No high-accuracy way to predict earthquakes – scientist
This is why, Urlichich added, so many research institutes worldwide have been dedicated to the issue.
“The entire world community – primarily the scientific and technological communities – is working to have forecasting and warning capabilities,” Urlichich said. “When these cataclysms happen, I mean the ones we are unable to stop today, like earthquakes, hurricanes and other natural calamities,…we can only forecast them with some degree of accuracy and issue a warning to try to minimize the consequences.”
However, while a system that predicts earthquakes themselves is still largely unreliable, there is equipment that allows to effectively predict the disaster’s consequences, such as a tsunami.
“Unlike hundreds and thousands of years ago, when we were unable to forecast, predict or warn [of such consequences], now we have modern equipment that lets us do that,” said Urlichich. “If we see a wave rise up in the ocean, we can warn coastguard services to take certain measures.”
Urlichich emphasized that the financial burden from natural disasters is vast, citing 3-5 per cent of a country’s GDP.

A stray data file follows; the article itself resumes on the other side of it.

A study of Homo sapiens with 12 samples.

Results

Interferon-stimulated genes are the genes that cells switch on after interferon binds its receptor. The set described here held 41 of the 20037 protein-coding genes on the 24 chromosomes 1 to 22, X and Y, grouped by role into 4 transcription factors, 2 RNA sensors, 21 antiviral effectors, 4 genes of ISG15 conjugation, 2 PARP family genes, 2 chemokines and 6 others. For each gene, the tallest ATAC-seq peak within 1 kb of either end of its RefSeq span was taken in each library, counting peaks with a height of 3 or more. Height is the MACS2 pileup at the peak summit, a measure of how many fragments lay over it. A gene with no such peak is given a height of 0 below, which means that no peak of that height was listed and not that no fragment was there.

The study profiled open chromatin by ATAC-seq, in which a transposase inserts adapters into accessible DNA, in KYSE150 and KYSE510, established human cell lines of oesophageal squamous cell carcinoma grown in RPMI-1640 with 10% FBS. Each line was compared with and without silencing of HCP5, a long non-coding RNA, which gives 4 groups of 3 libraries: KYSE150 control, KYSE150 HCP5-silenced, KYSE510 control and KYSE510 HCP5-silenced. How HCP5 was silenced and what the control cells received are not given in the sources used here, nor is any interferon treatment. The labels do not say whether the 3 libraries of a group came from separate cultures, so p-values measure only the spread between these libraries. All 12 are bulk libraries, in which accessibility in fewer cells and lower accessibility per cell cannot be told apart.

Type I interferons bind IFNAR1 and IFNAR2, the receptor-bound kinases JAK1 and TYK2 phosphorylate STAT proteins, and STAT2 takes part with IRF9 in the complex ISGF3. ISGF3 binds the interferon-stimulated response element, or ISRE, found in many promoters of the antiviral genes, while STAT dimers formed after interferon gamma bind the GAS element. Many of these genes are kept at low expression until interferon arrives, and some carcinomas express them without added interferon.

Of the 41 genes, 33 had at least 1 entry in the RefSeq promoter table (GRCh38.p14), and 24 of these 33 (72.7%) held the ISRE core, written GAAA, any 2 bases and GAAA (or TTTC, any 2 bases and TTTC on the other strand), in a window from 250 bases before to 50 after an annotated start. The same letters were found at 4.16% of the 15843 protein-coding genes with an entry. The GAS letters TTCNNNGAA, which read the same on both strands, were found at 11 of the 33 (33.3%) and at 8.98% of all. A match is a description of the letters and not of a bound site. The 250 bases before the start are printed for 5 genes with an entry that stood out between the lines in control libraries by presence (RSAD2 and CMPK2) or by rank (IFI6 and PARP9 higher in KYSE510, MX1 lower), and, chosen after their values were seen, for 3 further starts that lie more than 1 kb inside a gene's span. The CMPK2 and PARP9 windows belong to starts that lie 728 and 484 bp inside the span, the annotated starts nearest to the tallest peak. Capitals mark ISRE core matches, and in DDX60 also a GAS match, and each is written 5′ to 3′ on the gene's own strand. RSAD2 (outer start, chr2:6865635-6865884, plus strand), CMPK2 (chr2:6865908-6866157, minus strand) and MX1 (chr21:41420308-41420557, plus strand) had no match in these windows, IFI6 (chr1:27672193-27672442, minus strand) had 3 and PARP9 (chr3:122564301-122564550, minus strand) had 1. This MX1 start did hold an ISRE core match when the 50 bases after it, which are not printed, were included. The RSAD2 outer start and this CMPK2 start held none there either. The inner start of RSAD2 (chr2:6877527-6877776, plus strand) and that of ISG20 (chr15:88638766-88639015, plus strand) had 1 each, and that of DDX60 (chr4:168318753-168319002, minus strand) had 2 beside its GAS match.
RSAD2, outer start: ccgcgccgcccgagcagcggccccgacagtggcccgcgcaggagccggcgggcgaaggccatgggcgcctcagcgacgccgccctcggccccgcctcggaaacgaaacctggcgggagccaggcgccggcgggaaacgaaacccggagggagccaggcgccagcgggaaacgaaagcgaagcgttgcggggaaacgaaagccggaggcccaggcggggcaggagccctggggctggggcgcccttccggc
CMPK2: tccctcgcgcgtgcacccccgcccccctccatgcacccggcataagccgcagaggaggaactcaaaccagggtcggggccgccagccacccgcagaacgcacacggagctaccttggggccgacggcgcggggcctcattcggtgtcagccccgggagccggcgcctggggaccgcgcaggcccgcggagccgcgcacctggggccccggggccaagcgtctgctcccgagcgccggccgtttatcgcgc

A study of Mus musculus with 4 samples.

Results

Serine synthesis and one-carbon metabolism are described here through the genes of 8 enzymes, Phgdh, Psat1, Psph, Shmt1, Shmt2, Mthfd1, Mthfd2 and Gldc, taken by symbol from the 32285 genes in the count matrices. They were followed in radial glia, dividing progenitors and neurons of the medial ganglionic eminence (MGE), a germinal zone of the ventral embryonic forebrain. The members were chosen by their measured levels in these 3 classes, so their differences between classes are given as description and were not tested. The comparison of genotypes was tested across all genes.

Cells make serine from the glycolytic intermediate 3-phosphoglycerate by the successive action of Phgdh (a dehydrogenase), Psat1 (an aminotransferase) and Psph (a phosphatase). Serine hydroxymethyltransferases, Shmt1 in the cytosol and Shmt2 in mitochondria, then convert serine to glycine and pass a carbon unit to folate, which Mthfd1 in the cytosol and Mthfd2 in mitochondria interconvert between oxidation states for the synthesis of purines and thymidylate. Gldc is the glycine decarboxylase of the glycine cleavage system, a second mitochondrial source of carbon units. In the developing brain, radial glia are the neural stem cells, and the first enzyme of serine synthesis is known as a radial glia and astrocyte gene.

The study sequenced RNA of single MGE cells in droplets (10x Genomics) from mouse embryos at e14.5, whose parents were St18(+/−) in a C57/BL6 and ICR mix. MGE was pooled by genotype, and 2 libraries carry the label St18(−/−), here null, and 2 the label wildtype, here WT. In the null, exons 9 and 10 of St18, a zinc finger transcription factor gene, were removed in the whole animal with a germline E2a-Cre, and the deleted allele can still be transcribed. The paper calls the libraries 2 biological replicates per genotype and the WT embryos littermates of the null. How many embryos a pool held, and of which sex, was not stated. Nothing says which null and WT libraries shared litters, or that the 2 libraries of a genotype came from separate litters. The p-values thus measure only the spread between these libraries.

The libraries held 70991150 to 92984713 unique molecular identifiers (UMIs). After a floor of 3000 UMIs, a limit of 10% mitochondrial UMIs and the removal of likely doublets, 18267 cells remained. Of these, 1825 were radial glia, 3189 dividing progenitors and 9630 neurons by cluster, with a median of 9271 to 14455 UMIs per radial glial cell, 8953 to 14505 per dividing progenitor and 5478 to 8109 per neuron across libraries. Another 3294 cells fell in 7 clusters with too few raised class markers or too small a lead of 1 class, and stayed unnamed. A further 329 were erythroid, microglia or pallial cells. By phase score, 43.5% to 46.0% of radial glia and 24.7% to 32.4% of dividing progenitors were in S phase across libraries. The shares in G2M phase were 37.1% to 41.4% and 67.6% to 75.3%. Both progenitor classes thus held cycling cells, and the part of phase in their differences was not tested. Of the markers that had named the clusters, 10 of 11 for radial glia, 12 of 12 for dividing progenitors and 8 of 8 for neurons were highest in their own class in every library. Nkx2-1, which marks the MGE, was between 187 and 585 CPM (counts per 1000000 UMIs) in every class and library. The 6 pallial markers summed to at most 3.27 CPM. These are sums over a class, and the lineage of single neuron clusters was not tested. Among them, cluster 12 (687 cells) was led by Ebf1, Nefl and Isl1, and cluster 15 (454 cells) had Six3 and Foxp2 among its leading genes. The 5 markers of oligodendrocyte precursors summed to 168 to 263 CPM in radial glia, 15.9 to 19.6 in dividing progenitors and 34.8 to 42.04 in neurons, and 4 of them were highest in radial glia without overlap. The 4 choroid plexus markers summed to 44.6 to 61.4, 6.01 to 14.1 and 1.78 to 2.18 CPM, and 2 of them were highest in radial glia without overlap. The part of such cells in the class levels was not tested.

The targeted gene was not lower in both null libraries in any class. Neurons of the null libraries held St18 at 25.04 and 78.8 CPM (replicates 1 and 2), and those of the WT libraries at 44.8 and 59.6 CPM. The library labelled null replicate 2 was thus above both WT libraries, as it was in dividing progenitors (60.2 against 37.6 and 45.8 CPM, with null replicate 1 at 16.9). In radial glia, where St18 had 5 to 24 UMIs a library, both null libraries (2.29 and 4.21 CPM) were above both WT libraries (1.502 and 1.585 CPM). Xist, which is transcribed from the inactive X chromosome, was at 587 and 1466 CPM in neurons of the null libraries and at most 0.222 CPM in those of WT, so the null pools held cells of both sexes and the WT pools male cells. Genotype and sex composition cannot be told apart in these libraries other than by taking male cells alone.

Dr. Michael Weber from the German Research Center for Geosciences says that Japan is still one of the best-prepared countries for earthquakes and tsunamis.
“If this would have happened in another country, the death toll up to now at least would not be a thousand, but more like ten thousand or hundred thousands.”
Commenting on the possibility of future aftershocks, Dr. Weber said that although smaller tsunamis are possible in the future, he does not expect waves of the same height as there were on March 11.
“The worst, as far as earthquakes and tsunamis are concerned, is over. I guess there will be aftershocks. The problem will be that the infrastructure is damaged, so potential for further damage is higher than as if the infrastructure had not been hit already,” said Weber.